Flashback Friday is a weekly tradition started here at Bookshelf Fantasies, focusing on showing some love for the older books in our lives and on our shelves. If you’d like to join in, just pick a book published at least five years ago, post your Flashback Friday pick on your blog, and let us all know about that special book from your reading past and why it matters to you. Don’t forget to link up!
My Flashback Friday pick this week:
The Queen’s Fool by Philippa Gregory
A young woman caught in the rivalry between Queen Mary and her half sister, Elizabeth, must find her true destiny amid treason, poisonous rivalries, loss of faith, and unrequited love.
It is winter, 1553. Pursued by the Inquisition, Hannah Green, a fourteen-year-old Jewish girl, is forced to flee Spain with her father. But Hannah is no ordinary refugee. Her gift of “Sight,” the ability to foresee the future, is priceless in the troubled times of the Tudor court. Hannah is adopted by the glamorous Robert Dudley, the charismatic son of King Edward’s protector, who brings her to court as a “holy fool” for Queen Mary and, ultimately, Queen Elizabeth. Hired as a fool but working as a spy; promised in wedlock but in love with her master; endangered by the laws against heresy, treason, and witchcraft, Hannah must choose between the safe life of a commoner and the dangerous intrigues of the royal family that are inextricably bound up in her own yearnings and desires.
Teeming with vibrant period detail and peopled by characters seamlessly woven into the sweeping tapestry of history, The Queen’s Fool is another rich and emotionally resonant gem from this wonderful storyteller.
A lot of people discovered Philippa Gregory because of her bestseller The Other Boleyn Girl and its movie adaptation. But for me, my first exposure to this author came when a friend put a copy of The Queen’s Fool into my hands and ordered me to read it!
Long story short, I thought this book was marvelous! The fictional character of Hannah Green is a terrific invention, providing an outsider’s view of the closed confines of life at court. The element of hiding her Jewish faith adds both an interesting historical note as well as a more personal risk for Hannah in her role as companion to both Mary and Elizabeth. Through Hannah’s eyes, we get intimate views of the royal half-sisters’ hopes, fears, and struggles, and it’s all quite fascinating.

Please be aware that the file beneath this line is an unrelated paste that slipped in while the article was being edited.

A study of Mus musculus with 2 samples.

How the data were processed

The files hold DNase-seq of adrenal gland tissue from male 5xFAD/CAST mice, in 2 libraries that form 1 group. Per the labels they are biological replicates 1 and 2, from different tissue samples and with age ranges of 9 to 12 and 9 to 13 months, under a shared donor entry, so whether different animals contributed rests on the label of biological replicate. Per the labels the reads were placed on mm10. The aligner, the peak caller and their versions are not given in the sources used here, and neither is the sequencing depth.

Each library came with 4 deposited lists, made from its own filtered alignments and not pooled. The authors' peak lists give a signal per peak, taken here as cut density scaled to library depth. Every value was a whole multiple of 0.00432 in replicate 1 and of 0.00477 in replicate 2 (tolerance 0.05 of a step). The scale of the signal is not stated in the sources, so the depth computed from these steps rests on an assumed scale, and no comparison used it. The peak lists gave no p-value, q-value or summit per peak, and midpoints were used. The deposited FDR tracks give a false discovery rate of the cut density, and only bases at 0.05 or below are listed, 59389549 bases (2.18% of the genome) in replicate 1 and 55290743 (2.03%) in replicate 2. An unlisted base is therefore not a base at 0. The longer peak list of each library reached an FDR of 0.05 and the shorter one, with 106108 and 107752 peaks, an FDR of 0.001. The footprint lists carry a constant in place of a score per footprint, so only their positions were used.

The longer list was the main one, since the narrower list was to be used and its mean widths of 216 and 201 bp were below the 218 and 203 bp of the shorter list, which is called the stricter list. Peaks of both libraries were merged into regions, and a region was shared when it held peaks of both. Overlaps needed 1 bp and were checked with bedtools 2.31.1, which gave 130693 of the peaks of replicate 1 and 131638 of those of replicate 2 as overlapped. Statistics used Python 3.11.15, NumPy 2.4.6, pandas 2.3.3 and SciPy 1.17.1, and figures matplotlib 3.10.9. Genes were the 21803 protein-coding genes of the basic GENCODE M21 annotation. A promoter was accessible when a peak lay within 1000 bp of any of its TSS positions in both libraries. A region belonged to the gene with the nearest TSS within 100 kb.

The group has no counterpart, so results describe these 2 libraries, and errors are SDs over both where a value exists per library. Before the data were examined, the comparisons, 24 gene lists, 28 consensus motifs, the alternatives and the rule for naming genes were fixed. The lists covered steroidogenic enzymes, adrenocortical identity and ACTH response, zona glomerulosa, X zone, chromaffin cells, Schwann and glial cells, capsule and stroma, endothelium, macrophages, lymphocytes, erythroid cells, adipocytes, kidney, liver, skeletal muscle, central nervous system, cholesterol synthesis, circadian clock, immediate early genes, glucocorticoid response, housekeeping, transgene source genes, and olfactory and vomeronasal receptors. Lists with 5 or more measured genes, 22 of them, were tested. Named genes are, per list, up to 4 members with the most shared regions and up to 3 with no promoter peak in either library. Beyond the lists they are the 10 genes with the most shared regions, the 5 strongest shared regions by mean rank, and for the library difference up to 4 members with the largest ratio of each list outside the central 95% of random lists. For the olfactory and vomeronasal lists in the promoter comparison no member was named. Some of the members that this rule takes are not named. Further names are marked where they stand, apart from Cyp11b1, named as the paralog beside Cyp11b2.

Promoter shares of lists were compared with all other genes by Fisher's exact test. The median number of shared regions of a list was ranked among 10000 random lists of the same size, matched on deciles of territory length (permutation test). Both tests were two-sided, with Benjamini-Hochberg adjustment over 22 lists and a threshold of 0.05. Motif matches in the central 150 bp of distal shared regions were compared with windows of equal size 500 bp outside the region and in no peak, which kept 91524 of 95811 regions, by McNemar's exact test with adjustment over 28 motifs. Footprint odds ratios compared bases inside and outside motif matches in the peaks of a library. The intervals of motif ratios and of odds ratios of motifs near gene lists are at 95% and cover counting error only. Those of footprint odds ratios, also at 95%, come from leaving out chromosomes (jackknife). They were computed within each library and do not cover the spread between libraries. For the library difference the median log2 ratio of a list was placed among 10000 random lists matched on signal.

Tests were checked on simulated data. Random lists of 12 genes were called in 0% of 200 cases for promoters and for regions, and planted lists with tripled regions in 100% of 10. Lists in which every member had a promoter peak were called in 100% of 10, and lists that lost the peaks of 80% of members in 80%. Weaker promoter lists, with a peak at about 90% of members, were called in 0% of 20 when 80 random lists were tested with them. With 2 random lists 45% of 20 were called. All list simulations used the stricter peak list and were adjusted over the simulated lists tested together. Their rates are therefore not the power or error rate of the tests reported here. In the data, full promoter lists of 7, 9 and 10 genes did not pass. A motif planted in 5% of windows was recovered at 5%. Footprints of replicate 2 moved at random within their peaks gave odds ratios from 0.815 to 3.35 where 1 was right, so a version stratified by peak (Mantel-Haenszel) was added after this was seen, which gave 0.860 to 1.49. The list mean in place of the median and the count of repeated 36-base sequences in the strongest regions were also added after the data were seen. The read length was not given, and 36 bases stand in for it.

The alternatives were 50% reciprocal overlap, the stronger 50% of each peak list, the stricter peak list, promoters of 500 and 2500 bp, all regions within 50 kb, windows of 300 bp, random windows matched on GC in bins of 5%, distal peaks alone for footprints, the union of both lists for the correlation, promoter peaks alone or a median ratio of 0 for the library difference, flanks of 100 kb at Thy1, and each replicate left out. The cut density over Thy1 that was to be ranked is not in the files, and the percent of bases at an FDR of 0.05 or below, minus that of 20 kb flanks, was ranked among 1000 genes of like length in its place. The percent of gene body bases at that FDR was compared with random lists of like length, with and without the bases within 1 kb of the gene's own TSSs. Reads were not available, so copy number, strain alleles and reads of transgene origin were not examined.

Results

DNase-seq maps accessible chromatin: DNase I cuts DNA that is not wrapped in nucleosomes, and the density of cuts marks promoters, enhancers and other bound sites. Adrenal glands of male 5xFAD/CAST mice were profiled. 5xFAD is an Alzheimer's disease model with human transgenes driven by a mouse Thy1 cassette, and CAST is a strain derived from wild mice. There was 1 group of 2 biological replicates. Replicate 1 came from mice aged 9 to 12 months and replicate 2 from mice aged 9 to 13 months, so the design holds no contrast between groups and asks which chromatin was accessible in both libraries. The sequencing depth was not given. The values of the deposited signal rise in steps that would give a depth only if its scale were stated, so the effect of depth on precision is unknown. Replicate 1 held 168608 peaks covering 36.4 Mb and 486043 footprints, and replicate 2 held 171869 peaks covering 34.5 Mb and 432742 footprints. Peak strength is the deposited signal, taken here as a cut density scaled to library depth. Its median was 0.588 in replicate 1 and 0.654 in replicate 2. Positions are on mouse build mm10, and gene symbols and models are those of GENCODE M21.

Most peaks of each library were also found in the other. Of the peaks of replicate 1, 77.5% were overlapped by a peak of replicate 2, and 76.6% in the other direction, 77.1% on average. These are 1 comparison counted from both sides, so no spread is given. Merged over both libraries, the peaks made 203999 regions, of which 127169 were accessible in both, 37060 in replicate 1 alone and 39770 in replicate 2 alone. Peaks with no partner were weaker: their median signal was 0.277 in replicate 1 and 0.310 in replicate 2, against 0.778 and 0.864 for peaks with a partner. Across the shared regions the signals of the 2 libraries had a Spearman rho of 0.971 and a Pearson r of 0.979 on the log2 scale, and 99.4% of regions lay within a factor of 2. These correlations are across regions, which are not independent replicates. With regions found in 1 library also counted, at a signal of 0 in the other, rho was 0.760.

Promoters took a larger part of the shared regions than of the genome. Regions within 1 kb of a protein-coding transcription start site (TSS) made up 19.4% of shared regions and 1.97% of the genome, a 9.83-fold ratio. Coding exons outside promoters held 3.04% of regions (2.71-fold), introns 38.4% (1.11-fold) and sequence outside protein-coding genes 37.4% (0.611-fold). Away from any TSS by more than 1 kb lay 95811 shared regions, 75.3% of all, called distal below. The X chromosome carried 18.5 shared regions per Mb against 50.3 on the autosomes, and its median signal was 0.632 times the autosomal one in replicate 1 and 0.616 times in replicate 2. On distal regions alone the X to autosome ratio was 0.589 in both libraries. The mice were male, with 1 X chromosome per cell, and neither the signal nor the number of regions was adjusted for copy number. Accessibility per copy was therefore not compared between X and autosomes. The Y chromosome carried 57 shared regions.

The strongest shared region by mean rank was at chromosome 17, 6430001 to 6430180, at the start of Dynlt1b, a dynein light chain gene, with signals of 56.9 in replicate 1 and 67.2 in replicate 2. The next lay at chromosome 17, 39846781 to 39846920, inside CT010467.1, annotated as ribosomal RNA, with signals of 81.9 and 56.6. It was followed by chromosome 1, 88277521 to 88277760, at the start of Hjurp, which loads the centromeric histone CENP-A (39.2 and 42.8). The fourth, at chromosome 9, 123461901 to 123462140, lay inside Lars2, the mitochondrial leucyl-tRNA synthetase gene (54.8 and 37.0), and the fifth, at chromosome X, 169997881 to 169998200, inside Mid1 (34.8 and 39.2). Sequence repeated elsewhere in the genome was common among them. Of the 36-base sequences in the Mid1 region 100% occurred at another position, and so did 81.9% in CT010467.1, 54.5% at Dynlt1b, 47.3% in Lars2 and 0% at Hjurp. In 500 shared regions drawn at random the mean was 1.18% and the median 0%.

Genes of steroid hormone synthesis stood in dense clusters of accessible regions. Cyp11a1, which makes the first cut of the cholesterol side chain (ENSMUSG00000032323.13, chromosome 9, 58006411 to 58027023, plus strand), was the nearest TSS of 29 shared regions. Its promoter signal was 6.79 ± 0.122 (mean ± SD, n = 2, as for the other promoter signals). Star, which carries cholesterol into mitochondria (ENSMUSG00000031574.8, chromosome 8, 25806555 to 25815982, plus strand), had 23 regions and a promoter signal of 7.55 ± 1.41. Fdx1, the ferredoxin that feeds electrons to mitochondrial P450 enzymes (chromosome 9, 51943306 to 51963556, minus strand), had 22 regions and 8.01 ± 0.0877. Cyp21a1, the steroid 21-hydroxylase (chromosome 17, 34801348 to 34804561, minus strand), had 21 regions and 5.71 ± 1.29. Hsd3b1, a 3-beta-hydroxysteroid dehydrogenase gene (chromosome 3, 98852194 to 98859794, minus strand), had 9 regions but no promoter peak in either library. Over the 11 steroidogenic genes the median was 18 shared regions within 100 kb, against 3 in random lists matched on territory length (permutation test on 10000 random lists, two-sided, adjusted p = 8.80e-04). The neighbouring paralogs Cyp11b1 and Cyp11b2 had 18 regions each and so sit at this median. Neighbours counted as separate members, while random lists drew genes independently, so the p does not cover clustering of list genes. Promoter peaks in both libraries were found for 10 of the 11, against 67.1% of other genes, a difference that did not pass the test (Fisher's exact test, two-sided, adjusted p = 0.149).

There are a ton of books out there, fiction and non-fiction, focused on the Tudor dynasty. In The Queen’s Fool, we see the Tudor women from the unique perspective of a young woman who is powerless yet has almost unlimited access to those on and closest to the throne. I’ve read several of Philippa Gregory’s novels about the Tudors, and while I haven’t loved them all, The Queen’s Fool is one that I wouldn’t hesitate to recommend.
Interesting choice for this week! I’ve never read any of Philippa Gregory’s books but this one sounds rather interesting; should I get around to her books one of these days, I’ll definitely check this one out first 🙂 Thanks for sharing this title!
I know Philippa Gregory gets a lot of shit talked about the historical inaccuracies of her novels but I’ve been a fan for a long time. I really enjoyed this one too but my favorite of hers was actually The Constant Princess. Great pick! 🙂
I enjoyed The Constant Princess as well. Sure, she takes some liberties, but it’s fiction! I’d say she sticks to the historical record way more than TV shows like The Tudors (not that that’s saying much…). I’ve liked a bunch of her books, although I was bored by The Virgin’s Lover.